Driscoll physicians urge public to follow COVID-19 precautions


CORPUS CHRISTI – As the number of COVID-19 cases in Texas increase, physicians at Driscoll Children’s Hospital urge the public to continue following all safety precautions to fight the coronavirus.

Wearing masks and practicing physical distancing and proper hand sanitation remain the most effective ways to contain COVID-19.


“This is a time to express our love by wearing a mask,” said Mary Dale Peterson, MD, MSHCA, Executive Vice President and COO of Driscoll Health System, since the mask protects each person and those around him.

“You need to wear the mask all the time you are outside your home in public places where physical distancing may not be possible,” said Jaime Fergie, MD, Director of Infectious Diseases at Driscoll Children’s Hospital, whether a person is sick or not, for the protection of all.

Now is the time to work together as a community, said Dr. Peterson.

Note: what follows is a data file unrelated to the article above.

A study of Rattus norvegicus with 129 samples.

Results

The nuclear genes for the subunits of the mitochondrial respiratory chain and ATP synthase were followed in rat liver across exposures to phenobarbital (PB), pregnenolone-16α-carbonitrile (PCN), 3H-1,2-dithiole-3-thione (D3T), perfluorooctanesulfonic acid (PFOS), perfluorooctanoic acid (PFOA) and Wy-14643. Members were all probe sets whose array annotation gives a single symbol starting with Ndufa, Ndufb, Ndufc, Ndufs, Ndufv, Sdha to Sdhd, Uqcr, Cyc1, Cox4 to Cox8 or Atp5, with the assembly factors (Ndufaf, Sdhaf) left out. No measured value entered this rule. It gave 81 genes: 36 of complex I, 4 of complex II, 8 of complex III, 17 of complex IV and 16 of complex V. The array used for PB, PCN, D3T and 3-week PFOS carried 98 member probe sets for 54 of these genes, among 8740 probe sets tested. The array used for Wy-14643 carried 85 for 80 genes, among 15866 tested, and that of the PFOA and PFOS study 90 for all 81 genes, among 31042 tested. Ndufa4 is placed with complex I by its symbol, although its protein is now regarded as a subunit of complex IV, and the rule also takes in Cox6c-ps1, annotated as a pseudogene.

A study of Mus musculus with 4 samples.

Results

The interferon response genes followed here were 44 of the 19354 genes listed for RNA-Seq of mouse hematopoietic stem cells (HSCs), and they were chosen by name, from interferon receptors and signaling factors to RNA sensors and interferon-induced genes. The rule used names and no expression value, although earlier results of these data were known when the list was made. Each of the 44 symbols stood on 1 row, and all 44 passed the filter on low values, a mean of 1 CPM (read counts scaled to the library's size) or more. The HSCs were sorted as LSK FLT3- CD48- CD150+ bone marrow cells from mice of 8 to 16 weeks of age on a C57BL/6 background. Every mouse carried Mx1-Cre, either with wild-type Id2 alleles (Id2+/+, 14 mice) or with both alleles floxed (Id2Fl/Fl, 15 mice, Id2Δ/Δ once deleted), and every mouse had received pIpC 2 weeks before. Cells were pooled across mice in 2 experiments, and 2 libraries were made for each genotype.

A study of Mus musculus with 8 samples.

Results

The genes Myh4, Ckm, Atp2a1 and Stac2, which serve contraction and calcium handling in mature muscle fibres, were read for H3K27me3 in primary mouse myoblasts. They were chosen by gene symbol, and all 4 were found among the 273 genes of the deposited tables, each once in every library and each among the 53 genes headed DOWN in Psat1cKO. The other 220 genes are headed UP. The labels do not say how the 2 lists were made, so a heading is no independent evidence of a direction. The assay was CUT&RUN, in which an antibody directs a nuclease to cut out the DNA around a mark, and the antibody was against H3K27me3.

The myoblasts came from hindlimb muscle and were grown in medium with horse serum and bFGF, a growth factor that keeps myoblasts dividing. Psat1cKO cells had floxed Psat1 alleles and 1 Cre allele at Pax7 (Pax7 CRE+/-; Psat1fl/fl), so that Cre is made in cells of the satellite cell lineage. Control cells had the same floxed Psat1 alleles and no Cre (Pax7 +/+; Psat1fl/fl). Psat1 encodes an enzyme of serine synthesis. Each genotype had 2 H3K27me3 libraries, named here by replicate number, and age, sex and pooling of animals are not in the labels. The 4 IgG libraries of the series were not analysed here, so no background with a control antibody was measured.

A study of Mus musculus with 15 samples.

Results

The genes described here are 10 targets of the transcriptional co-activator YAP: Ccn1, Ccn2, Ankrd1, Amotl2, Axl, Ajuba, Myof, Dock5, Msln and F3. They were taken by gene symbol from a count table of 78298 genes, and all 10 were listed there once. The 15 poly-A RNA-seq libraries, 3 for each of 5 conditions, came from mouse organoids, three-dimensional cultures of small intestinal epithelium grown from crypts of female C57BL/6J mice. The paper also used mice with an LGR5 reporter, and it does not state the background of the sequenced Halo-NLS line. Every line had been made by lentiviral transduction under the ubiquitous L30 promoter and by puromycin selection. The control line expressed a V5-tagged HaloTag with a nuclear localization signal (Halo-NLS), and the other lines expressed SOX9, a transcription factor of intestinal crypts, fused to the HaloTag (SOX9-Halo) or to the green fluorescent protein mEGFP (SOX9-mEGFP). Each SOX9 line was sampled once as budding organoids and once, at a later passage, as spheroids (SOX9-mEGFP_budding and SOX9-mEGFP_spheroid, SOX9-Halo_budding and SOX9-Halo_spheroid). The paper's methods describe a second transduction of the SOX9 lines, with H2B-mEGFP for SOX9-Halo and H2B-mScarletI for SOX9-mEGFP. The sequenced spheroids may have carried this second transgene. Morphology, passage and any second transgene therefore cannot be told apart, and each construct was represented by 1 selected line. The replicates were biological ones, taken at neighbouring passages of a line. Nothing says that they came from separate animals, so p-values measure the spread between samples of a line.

Dr. Fergie agreed: “Everybody must do their part.”

“Wearing a mask really does make a difference,” said Dr. Peterson. “We need to go back to basics.”

Dr. Fergie explained that wearing a mask shows strength, not weakness: “It’s a sign that you care about the people around you.”

To Dr. Peterson, taking the precaution of wearing a mask is like observing the Golden Rule: “If we care about people around us, we will wear a mask.”

Physical distancing also is critical. Dr. Fergie emphasized limiting the number of people a person is around, adding “being outside is safer than being inside.”

Dr. Peterson suggested surrounding ourselves with smaller groups, “so we can maintain some form of socialization and limit the potential for exposure to the virus.”

“We are seeing a huge increase in cases in Texas,” said Dr. Peterson. “This is a more generalized community spread which makes contact tracing very difficult.”

Once the coronavirus takes hold, the transmission rate becomes exponential and “progresses up,” she said.

To keep the pandemic from spreading exponentially, the transmission rate must go down below one, meaning that one infected person transmits the illness to less than one other person.

“Right now, we are seeing absolutely the opposite,” said Dr. Fergie.

“There is no magic bullet, no cure per se,” said Dr. Peterson. “We need everybody’s help to keep the transmission rate down.”